Common Street Names
Ativan is typically a five-sided tablet. It also comes in liquid form. Candy, Downers, Heavenly Blues, Nerve pills, Sleeping pills, R2, and Emotion are common street or slang names for the drug.
How Does Ativan Work?
Ativan acts quickly on the individual’s brain and central nervous system. The drug attaches to the neurotransmitter gamma-aminobutyric acid (GABA) receptors on nerve cells, enhancing the release of GABA in the brain. This chemical slows down the signals nerve receptors receive, causing a calming effect on the central nervous system. It helps relieve anxiety and has a tranquilizing effect on the body and mind. Respiratory and cardiac systems are not affected.
Ativan has the potential to be a highly addictive drug. It is recommended as a short-term treatment lasting no longer than three or four months. If the drug is taken for extended periods, in higher doses, or more frequently than prescribed, the brain builds a tolerance to it. When this occurs, the individual needs to take higher amounts to achieve the effect they desire. Over time, more and more of the drug is needed until the person becomes physically dependent on it. Addiction will follow if the dependence is not addressed. Once a person is addicted to the drug, they typically show behavioral and mental signs of addiction.
When a person suddenly stops or significantly reduces the dose of Ativan their body is accustomed to, they experience withdrawal symptoms. Everyone is different, and withdrawal symptoms and severity of symptoms will differ from person to person.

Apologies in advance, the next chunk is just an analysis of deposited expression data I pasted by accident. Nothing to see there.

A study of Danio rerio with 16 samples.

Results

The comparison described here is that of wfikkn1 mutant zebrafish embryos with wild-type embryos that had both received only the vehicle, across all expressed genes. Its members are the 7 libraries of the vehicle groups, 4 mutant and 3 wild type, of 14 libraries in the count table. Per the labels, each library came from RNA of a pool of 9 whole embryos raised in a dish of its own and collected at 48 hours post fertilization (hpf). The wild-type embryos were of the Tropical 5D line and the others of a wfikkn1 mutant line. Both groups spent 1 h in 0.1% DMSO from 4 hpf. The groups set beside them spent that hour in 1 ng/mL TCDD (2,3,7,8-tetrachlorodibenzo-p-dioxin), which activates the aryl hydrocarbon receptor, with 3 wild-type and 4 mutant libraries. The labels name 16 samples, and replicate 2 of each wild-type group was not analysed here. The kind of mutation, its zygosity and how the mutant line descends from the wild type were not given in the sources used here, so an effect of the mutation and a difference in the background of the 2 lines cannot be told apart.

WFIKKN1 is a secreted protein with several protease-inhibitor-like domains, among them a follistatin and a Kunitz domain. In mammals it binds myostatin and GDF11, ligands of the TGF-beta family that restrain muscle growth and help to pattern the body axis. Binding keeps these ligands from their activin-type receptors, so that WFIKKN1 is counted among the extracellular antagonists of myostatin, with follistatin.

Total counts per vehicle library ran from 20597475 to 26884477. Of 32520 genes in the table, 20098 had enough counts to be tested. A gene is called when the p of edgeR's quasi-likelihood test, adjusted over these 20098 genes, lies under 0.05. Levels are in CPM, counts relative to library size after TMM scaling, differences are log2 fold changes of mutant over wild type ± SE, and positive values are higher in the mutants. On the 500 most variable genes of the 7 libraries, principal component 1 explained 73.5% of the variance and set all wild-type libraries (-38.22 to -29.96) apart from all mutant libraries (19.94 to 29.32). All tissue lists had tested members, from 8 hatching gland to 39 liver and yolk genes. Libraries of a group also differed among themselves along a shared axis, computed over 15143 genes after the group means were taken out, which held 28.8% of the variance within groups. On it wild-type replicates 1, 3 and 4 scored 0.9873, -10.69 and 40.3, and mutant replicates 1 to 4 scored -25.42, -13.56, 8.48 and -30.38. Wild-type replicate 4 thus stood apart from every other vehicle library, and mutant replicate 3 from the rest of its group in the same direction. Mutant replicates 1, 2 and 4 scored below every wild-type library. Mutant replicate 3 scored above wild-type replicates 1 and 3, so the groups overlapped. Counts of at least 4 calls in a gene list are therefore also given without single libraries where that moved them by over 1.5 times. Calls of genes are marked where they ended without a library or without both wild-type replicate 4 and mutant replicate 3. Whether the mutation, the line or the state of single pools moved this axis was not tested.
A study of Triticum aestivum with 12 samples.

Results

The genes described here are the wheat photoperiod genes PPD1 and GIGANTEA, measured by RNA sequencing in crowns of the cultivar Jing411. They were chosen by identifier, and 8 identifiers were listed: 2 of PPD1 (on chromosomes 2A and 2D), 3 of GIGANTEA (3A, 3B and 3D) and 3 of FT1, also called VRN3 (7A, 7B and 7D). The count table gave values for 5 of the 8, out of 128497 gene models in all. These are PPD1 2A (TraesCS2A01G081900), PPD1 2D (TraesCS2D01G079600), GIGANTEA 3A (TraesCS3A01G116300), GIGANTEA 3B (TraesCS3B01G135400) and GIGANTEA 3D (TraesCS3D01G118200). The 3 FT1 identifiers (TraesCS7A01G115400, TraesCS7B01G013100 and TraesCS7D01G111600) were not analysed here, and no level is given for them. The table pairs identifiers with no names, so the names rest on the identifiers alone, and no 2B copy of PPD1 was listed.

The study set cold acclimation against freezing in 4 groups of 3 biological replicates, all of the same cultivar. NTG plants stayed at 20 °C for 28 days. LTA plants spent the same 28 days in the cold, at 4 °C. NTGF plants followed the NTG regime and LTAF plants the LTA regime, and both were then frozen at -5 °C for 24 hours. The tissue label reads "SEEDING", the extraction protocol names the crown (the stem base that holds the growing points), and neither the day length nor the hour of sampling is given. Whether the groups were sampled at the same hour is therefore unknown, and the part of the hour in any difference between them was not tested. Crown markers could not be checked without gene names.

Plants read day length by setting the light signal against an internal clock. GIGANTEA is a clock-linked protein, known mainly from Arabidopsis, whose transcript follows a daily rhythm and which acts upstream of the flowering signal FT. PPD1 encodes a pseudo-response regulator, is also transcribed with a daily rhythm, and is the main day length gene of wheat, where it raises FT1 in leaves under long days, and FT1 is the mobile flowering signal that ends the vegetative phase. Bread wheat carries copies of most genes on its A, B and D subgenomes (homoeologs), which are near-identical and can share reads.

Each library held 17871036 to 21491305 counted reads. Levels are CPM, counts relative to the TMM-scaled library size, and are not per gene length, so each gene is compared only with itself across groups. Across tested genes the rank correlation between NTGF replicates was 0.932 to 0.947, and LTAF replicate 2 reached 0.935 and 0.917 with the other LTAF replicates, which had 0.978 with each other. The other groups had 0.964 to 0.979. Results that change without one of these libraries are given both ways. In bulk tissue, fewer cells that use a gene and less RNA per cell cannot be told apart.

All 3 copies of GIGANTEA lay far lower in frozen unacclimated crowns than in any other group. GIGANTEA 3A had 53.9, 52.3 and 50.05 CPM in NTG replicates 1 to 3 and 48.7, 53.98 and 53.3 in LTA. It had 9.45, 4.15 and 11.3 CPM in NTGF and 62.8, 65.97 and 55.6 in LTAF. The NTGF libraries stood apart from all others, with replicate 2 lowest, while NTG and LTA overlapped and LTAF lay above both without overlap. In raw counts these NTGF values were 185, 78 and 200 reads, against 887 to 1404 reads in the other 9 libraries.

The severity of symptoms depends on several factors:
- The length of time the individual used Ativan
- The current dose of Ativan
- How often the drug was taken
- Whether or not another substance was taken with the drug
- The individual’s mental and physical health
Withdrawal symptoms occur because the brain is trying to get back into its natural balance after it has become dependent on Ativan. Someone taking Ativan for only three to six weeks, even at therapeutic doses, can experience mild withdrawal symptoms. Approximately sixty percent of those who take Ativan for more than six months will experience mild to moderate withdrawal symptoms. The other forty percent will have more severe withdrawal symptoms.
Ativan Withdrawal Symptoms
Ativan withdrawal symptoms can appear as soon as eight to twelve hours after stopping or significantly reducing the drug. Feelings of anxiety, restlessness, irritability, and rage will begin and last for several weeks. The level of anxiety experienced during withdrawal is usually worse than it was before starting the drug. Insomnia, bad headaches, profuse sweating, and vertigo are common. Many people experience nausea or vomiting, hand tremors, depression, and panic attacks. Confusion, difficulty concentrating, and short-term memory loss occur. Their heart and breathing rates increase, and they have muscle aches, pains, and spasms. They are hypersensitive to stimuli such as touch and light and can have visual or auditory hallucinations. At worst, Ativan withdrawal can cause grand mal seizures.
Do You Need Help?
If you or a loved one struggles with a drug or alcohol addiction, help is available. Call and speak to a professional at Canyon Vista Recovery Center, located in Mesa, Arizona. We will answer your questions and guide you along your journey to recovery.